Educating yourself about childbirth so you're able to make informed decisions is a great way to increase your chances for a smooth labor. But you can't possibly learn everything you might need to know. That's where a doula comes in. A doula is a trained labor support person who provides emotional, physical, and informational support during pregnancy, childbirth, and postpartum. She (they're usually women) absolutely doesn't replace medical caregivers or your birth partner, but rather complements them. There are many ways a doula can assist you, such as:
This list is just an example of some of the many services a doula may provide. Some fathers worry that a doula will take over their roles in the birth process. Being a birth partner is challenging work, and most fathers feel a sense of relief and enjoy the birth experience more when a doula is present. Many women state that they couldn't have given birth without their doula, but doulas aren't just for first-time moms. Many women hire a doula for second and third babies and beyond. If you weren't happy with a previous birth experience, a doula could improve the outcome of the next one. In fact, research shows that doulas do improve birth outcomes.
- helping you prepare your birth plan
- providing suggestions and exercises to help you have a more comfortable pregnancy
- explaining medical procedures
- providing emotional support
- suggesting and providing non-pharmacological pain relief techniques (massage, heat therapy, positioning)
- assisting with breastfeeding
- providing partner support
- working as an advocate so your birth plan is carried out
Women supported by a doula during labor have been shown to have1:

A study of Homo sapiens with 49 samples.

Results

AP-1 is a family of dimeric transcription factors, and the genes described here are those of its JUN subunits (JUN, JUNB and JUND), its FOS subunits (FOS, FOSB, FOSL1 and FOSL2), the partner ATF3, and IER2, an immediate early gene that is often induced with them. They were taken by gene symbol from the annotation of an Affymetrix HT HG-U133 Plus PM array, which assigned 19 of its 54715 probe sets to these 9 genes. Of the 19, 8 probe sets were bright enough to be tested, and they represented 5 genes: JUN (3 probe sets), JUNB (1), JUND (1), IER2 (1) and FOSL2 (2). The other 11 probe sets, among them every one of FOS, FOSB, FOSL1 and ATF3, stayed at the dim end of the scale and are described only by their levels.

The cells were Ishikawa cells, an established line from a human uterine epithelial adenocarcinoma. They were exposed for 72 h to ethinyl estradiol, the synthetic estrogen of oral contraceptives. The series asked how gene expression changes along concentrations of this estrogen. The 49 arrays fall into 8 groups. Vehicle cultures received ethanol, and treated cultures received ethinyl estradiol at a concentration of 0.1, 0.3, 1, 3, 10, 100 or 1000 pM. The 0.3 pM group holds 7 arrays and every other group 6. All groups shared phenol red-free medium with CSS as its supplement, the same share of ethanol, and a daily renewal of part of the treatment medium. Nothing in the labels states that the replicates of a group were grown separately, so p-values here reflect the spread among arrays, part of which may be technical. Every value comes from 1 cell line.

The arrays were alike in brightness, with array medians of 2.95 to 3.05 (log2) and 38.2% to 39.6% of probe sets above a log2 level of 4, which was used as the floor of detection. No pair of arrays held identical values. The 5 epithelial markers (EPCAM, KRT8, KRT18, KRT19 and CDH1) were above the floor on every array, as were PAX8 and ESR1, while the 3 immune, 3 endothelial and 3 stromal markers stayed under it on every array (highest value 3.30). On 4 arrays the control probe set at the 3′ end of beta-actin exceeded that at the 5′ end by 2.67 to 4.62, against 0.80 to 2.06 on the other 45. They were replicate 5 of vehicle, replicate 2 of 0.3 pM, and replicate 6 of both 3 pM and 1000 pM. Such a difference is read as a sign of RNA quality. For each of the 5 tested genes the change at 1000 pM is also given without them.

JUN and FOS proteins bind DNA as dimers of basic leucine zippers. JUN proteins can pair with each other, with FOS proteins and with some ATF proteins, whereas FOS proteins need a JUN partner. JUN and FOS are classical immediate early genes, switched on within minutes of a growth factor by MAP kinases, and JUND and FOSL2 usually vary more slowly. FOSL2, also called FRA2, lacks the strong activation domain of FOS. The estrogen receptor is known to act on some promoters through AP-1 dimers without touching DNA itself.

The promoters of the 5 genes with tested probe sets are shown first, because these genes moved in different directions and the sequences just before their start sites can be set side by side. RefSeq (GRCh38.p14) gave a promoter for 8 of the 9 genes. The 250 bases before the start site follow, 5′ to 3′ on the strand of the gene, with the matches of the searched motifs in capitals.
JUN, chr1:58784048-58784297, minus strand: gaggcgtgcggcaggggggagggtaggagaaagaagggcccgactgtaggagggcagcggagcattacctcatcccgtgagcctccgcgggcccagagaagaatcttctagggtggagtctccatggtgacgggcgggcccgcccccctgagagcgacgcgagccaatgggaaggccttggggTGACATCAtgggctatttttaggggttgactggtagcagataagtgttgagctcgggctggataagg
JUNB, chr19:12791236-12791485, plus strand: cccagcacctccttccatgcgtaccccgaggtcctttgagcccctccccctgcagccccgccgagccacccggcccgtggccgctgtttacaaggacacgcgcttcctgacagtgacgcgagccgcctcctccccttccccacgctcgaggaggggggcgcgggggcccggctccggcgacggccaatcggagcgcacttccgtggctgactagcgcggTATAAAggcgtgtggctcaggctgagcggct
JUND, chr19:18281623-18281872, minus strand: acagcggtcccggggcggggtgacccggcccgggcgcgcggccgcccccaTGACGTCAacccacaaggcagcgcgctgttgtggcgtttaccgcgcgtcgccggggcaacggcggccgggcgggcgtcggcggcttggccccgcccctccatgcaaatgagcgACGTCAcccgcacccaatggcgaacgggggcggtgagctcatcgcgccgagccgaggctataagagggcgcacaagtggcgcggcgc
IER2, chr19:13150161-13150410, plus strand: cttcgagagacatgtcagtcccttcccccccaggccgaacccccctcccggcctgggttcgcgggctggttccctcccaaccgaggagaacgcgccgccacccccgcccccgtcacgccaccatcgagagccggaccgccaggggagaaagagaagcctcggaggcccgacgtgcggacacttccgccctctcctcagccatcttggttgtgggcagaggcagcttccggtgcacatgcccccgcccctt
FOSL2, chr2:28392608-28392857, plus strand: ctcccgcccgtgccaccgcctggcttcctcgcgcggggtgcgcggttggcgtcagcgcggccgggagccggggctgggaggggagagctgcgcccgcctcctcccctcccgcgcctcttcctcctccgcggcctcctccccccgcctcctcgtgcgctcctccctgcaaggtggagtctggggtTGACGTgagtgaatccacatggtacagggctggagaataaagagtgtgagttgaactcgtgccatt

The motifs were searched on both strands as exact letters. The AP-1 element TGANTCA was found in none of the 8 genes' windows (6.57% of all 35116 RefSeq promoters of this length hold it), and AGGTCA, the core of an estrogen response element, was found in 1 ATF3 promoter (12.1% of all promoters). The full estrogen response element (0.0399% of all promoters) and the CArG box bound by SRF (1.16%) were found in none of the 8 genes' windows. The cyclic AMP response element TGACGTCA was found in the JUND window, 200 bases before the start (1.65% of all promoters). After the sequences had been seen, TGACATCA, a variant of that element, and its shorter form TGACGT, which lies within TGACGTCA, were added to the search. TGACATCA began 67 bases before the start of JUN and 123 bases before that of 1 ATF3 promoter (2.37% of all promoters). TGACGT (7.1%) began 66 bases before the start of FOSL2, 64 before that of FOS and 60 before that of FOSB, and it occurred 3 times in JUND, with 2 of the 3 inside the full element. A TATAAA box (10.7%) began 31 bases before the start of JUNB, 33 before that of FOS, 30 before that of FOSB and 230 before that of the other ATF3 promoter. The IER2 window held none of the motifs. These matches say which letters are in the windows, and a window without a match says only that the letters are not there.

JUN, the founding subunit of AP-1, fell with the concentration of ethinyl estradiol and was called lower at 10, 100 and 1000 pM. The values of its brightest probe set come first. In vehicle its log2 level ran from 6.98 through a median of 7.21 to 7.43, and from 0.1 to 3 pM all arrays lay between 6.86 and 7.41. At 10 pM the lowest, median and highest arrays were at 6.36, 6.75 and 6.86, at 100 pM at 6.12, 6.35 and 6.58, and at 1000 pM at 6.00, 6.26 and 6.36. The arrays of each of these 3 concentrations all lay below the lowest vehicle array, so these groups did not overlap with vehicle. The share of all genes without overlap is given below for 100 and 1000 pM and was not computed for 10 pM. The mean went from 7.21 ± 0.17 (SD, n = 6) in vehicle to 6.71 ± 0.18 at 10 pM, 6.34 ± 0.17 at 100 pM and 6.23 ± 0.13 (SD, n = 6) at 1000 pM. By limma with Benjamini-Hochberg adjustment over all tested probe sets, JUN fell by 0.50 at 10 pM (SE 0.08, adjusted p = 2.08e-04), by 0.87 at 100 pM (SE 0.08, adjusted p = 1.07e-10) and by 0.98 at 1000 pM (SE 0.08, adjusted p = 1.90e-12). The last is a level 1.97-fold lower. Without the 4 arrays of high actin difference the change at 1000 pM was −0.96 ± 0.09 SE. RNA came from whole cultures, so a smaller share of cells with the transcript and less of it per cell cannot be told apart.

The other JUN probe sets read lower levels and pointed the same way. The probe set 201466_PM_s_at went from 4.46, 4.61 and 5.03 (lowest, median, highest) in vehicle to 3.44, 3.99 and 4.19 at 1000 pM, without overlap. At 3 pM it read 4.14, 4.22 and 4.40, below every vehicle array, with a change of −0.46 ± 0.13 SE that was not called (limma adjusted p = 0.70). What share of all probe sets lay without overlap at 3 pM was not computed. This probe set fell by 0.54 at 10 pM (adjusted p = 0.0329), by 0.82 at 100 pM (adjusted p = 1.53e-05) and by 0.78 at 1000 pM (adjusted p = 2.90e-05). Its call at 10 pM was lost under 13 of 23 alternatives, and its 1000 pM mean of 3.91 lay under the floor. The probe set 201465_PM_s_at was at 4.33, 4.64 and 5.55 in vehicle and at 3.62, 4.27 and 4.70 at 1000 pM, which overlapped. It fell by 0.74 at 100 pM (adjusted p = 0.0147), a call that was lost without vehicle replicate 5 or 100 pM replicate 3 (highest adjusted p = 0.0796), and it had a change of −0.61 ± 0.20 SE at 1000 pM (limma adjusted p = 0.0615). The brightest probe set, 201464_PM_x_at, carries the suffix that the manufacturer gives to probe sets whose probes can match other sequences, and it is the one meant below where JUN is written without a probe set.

Six weeks after birth, mothers who had doulas experienced1:
- 50% reduction in Cesarean rate
- 25% shorter labor
- 60% reduction in epidural requests
- 40% reduction in Pitocin use
- 30% reduction in analgesic use
- 30% reduction in forceps delivery
Long-term benefits of using a doula1:
- Less anxiety and depression
- More confidence with the baby
- More satisfaction with their partner
How to find a Doula
- Improved breastfeeding
- Increased time spent with baby
- More positive maternal assessments of baby's personality and health, and maternal competence
- Decreased postpartum depression
There are thousands of doulas in the United States alone, and many more worldwide. DONA International is the world's largest doula association, providing training and certification to doulas, support for families interested in doula services and assistance in finding a doula in your area.
When interviewing a prospective doula, here are some questions to ask:
Above all she should set you and your birth partner at ease and make you both feel confident in her competence. The professional doula charges a flat fee for each birth, from $200 to $1,500. However, don't let the cost deter you; many doulas offer sliding fee scales.
- Are you certified?
- What training and education have you had?
- What is your philosophy of birth?
- How do you define your role in the birth process?
- Do you provide prenatal and/or postpartum visits?
- Can you provide references?
- What types of births have you witnessed (Cesarean, epidural, natural, VBAC, twins)?
- What is your fee? How should payments be made?
- Do you have experience at my chosen place of birth?
- What happens if you're not available?
- Will you provide labor support at my home prior to going to the place of birth?
For more information on choosing a doula, read these books:
- The Doula Advantage: Your Complete Guide to Having an Empowered and Positive Birth with the Help of a Professional Childbirth Assistant by Rachel Gurevich
- Mothering the Mother: How a Doula Can Help You Have a Shorter, Easier, and Healthier Birth by Marshall H. Klaus, John H. Kennell, and Phyllis H. Klaus
Source 1: Mothering the Mother, by M.H. Klaus, J.H. Kennell, and P.H. Klaus; Addison-Wesley Publishing Company, New York (1993).